Introduction to your legal rights

Introduction to your legal rights

As a consumer, we all have rights when buying goods from a business as consumers.

If you buy a horse or pony, a dog or a puppy, or a cat or a kitten, it must be:

  • of satisfactory quality;
  • fit for its purpose; and
  • as described.

Consumer protection

The main laws that protect these rights in England and Wales are the following:

  • Unfair Contract Terms Act 1977
  • The Consumer Rights Act
  • Unfair Terms in Consumer Contracts Regulations 1999
  • Consumer Protection from Unfair Trading Regulations 2008 (for trade descriptions)

Similar legal protection is provided under Scottish law.

Types of animals

The law historically divides animals into the following 2 groups:

  • Domestic animals - animals that are tame or trained to live with people.
  • Wild animals - naturally wild animals, as well those that are more timid but can't be tamed.

Domestic animals

Domestic animals can be owned like any other property. They remain the property of the owner even when they stray or are lost. If anyone interferes with an owner's domestic animal, the owners are entitled to start legal proceedings against them.

Owners of a domestic animal are responsible for its actions and must take care of them.

Selling a domestic animal

Selling domestic animals is subject to the ordinary laws of contract. This means that the laws that apply to the sale of any other goods also apply here. For example, if the seller carries on a business of selling animals and the buyer has made it clear that the animal is needed for a particular purpose, there will be an 'implied term' in the contract, i.e. automatically part of a contract even if it's not stated. This implied term promises that the animal is fit for that particular purpose.

However, if the seller is a private individual, this term isn't implied. Therefore, a buyer who is buying from a private individual should ensure that the animal has been fully checked and that the seller confirms in writing that the animal does in fact have the characteristics required.

Dangerous animals

Animals may be dangerous not only because of the diseases they can carry, but because of the harm they can cause. The law tries to protect the public from these animals by making owners of certain animals get a licence. In some cases, certain animals are banned altogether.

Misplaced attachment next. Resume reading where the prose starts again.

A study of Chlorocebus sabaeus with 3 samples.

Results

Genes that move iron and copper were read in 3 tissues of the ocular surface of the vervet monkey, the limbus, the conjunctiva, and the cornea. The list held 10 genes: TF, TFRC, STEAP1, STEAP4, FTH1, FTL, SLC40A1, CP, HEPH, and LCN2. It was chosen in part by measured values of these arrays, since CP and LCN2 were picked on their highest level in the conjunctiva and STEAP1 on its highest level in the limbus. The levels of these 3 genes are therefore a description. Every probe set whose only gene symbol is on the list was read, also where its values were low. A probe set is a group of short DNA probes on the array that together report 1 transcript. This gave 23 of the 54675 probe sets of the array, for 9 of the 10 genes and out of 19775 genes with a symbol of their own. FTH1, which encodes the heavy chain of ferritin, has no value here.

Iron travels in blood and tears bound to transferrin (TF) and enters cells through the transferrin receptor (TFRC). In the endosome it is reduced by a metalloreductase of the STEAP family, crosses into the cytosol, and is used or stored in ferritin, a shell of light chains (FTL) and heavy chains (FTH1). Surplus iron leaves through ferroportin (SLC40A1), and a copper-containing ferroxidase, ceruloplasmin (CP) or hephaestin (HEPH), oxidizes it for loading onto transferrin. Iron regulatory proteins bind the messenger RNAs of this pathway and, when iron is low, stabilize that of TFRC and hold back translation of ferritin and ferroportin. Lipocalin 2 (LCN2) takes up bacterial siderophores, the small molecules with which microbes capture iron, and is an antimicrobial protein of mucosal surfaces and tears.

Pet passport for travel

There are rules you need to comply with before you can travel to and from Great Britain with your pet.

Travelling with your pet from Great Britain to an EU country or Northern Ireland

If you live in Great Britain, existing pet passports issued there can't be used for travel to the EU or Northern Ireland. Instead, you need to get an Animal Health Certificate. To get this from an authorised vet, you'll need proof of your pet's vaccination history and microchipping date.

If you're travelling with a dog to a tapeworm-free country, you'll also have to get the dog treated against tapeworm at least 24 – 120 hours before arriving in the EU country.

The certificate is only valid for one trip to the EU, so each time you travel to the EU you'll have to get a new one. You have to enter the EU within 10 days of the certificate being issued. It remains valid for a maximum of 4 months - you have to leave with your pet before then.

On entry into the EU or Northern Ireland, you also need to show proof of a valid rabies vaccination, microchipping and (where needed) tapeworm treatment.

Travelling with your pet to Great Britain

If you live in the EU, you can travel to Great Britain with your pet if you have an existing EU pet passport.

All owners of dogs, cats and ferrets must ensure that before entering Great Britain, their pets are microchipped and vaccinated against rabies. If travelling from the EU or certain other listed countries, the primary rabies vaccination must be done at least 21 days before entry. If you're travelling from an EU unlisted country, your pet would also need to have a blood sample taken at least 30 days after the vaccination to prove that it's been taken and that it is effective in providing a satisfactory level of protection.

Unless you're traveling to Great Britain directly from Northern Ireland, the Republic of Ireland, Finland, Norway or Malta, dogs require tapeworm treatment at least 24 – 120 hours before arriving.


All dogs in the UK, with some exceptions, must be microchipped at 8 weeks (or older if they're not yet microchipped).

There are some specific instances where microchipping is necessary for other animals, e.g. horses. Microchipping is otherwise largely voluntary.